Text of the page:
Examining themes of home, community and diaspora, the 14th Arab Film Festival open this weekend in Ann Arbor, Dearborn, and Detroit.
Presented by the Arab American National Museum, the festival includes award winners from the Cannes and Sundance festivals, and a work featuring a Detroit teen cast member.
Films screen June 7-16 at the AANM, the Michigan Theater in Ann Arbor and at the Detroit Film Theatre at the Detroit Institute of Arts.
Details from Arab American National Museum:
Films earning acclaim on the international festival circuit are among those featured at the Arab American National Museum’s (AANM) 14th Arab Film Festival (AFF), June 7-16, 2019, with screenings at the Dearborn museum, in Detroit and in Ann Arbor.
Among the festival’s leading titles are:
Capernaum, winner, Jury Prize and nominee, Palme d’Or at 2018 Cannes Film Festival and nominee, Best Foreign Film, 2019 Academy Awards.
Yomeddine, winner, Francois Chalais Award and nominee for both Camera d’Or and Palme d’Or, all at the 2018 Cannes Film Festival. In the film, a Coptic leper and his orphaned apprentice cross Egypt in search for family (the image above is a detail taken from a scene in the film).
Sofia, winner, Un Certain Regard Screenplay Prize, 2018 Cannes Film Festival, and a Michigan premiere.
Dunya’s Day, winner, Short Film Jury Award for International Fiction and nominee, Best Short Film Grand Jury Prize, both at the 2018 Sundance Film Festival, and a Michigan premiere.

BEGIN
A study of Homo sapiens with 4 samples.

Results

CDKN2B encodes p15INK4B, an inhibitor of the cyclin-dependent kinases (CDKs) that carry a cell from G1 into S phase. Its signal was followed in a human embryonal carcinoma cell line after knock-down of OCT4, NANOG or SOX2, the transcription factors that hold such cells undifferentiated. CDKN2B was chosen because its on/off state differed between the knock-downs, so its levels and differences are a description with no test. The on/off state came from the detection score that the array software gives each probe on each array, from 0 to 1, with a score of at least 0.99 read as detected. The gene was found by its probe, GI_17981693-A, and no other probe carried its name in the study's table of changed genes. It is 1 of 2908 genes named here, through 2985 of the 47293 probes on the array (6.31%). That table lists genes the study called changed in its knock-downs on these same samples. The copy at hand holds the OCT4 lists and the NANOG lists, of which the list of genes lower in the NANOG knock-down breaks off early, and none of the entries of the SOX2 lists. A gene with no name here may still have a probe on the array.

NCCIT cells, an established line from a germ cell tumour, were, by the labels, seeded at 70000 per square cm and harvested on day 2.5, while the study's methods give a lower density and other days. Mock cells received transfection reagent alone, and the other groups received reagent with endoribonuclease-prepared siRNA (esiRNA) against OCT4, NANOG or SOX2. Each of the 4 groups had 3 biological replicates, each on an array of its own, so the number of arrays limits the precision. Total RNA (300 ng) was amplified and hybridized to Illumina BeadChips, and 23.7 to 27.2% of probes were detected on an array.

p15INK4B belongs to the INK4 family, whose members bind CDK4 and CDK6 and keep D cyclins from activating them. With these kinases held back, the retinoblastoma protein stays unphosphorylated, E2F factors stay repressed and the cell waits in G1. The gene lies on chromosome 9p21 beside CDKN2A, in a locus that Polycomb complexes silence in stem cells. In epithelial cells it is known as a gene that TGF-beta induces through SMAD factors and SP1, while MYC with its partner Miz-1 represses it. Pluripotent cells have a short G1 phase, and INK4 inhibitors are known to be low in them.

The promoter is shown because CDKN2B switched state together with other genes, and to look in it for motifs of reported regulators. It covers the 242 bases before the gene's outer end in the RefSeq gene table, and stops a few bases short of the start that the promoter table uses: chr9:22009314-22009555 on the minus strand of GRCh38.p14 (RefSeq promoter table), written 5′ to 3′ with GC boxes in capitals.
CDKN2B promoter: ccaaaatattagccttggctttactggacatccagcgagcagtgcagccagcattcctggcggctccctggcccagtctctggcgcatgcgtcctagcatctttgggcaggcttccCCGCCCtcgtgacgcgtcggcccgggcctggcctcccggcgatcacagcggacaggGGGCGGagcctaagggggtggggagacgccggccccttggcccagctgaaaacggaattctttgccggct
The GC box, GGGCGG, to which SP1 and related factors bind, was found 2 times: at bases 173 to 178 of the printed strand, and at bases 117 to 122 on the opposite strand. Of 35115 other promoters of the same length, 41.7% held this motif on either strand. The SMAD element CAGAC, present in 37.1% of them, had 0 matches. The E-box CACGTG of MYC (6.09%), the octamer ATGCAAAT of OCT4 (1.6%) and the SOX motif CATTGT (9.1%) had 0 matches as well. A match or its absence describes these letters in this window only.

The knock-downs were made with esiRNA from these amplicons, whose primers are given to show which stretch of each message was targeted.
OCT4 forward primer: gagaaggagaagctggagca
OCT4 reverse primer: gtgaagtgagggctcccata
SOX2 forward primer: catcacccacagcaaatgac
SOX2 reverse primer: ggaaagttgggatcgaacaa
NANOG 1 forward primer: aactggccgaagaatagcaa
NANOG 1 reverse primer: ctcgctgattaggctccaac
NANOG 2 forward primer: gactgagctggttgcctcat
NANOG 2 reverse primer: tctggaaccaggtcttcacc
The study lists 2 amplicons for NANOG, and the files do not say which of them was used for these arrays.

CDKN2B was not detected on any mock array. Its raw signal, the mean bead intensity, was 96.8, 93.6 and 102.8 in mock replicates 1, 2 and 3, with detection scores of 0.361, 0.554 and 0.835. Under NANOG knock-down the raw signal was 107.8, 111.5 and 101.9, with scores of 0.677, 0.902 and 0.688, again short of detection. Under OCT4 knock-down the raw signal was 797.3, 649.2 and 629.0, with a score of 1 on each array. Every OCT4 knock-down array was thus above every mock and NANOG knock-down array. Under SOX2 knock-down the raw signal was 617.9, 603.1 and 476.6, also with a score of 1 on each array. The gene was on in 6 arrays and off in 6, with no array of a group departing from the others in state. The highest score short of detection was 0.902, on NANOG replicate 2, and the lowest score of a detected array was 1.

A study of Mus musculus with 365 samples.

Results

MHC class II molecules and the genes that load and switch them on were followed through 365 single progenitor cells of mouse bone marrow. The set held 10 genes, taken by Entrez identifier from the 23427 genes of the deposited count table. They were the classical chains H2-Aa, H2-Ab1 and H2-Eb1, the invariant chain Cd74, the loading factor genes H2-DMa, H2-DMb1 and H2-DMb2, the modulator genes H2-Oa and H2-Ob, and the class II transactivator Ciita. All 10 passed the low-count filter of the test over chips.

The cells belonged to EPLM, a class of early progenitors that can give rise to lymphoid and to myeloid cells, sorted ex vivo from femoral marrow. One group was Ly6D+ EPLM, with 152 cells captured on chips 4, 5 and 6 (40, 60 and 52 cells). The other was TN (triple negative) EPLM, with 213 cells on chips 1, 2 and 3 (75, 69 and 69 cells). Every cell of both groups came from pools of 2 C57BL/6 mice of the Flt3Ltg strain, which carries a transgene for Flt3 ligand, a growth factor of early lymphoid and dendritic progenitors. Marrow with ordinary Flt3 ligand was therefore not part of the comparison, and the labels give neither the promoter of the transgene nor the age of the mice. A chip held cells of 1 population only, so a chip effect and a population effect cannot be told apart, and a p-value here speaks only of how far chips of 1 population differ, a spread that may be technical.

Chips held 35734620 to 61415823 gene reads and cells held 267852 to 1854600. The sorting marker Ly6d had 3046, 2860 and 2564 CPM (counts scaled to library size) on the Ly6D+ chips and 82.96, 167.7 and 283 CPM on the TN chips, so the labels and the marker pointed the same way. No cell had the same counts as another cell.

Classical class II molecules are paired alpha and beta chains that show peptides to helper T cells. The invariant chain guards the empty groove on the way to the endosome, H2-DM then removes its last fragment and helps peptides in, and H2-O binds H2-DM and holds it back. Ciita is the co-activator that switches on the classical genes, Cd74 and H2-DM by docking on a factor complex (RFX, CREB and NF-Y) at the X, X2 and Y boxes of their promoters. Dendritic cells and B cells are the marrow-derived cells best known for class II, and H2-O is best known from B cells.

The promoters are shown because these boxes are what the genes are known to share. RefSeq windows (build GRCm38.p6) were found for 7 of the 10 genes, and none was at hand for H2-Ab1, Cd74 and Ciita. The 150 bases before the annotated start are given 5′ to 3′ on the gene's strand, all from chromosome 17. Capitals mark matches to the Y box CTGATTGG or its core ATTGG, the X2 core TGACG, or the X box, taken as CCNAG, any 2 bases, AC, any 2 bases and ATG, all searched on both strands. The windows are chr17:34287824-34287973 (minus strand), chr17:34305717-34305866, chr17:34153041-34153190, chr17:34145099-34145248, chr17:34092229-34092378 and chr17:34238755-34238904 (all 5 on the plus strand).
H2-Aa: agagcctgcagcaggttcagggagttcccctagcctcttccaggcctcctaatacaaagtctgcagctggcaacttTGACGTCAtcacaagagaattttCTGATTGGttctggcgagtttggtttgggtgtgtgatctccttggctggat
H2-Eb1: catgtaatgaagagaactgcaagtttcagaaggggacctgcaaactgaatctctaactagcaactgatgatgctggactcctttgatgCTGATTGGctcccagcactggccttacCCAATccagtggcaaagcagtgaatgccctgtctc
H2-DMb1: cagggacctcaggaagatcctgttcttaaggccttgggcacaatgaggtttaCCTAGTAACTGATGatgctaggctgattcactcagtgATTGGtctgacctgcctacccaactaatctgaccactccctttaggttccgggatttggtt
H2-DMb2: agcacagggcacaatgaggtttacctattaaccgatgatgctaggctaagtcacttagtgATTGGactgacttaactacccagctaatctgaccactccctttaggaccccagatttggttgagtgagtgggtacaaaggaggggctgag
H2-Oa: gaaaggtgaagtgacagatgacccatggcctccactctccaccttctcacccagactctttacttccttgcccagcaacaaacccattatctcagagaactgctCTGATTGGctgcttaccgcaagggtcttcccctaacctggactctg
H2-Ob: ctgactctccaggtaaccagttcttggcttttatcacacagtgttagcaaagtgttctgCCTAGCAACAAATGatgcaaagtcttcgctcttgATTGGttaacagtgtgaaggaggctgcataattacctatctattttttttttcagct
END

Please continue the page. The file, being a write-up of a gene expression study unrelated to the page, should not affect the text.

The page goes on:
This year’s AFF features more than 15 films making their Michigan premieres, including Marjoun and the Flying Headscarf, directed by Susan Youssef. It’s the story of a 17-year-old outsider in Arkansas dealing with high-school tension and her jailed father, taking solace in writing poetry, fancying a boy and riding a motorcycle.
Among the cast of Marjoun and the Flying Headscarf is Detroit resident Maram Aljahmi, 14, a 9th grader at Voyageur College Preparatory High School in Detroit, who earned the role during a 2014 casting call held at AANM. She plays Jinane, the title character’s younger sister.
The AFF brings the perspective of marginalized voices to the fore. This year’s curated selection of films explores stories related to home, community and diaspora. Among the four programs of short films is a new offering designed especially for children and families, including post-screening theater-style games and crafts.
“The common denominator in all this year’s films is their depiction of reality, of daily life in the Arab world or in Arab American communities,” says festival curator Dave Serio.
“This festival presents the Arab and Arab American experience in its truest, purest form, without sensationalizing. These communities are not monolithic – they are multi-dimensional and ever changing,” Serio says.
All AFF films are subtitled in English. See film descriptions, schedule and ticket information below and at the festival’s new website, www.aanmfilmfest.org, for complete information.
AFF screenings take place at three venues: most at the Aliya Hassan Auditorium at the Arab American National Museum, 13624 Michigan Ave., Dearborn; with additional screenings at the Detroit Film Theatre at Detroit Institute of Arts, 5200 Woodward Ave., Detroit; and State Theatre, 233 S. State St., Ann Arbor.
The 14th Arab Film Festival is made possible in part by Saudi Aramco, Ford, and Michigan Council for Art and Cultural Affairs.
AANM is grateful for the support of these partners: Cinema Lamont; Michigan Theater; Arab American Heritage Council; Detroit Film Theatre at Detroit Institute of Arts; ACCESS’ Campaign to Take on Hate; Center for Middle Eastern & North African Studies, University of Michigan-Ann Arbor; Dearborn Centennial Library; Palestinian Youth Movement; Dearborn Community Fund; and Stories Never Told.
14th Arab Film Festival TICKETS + PASSES
Tickets are available online at www.aanmfilmfest.org and at the door.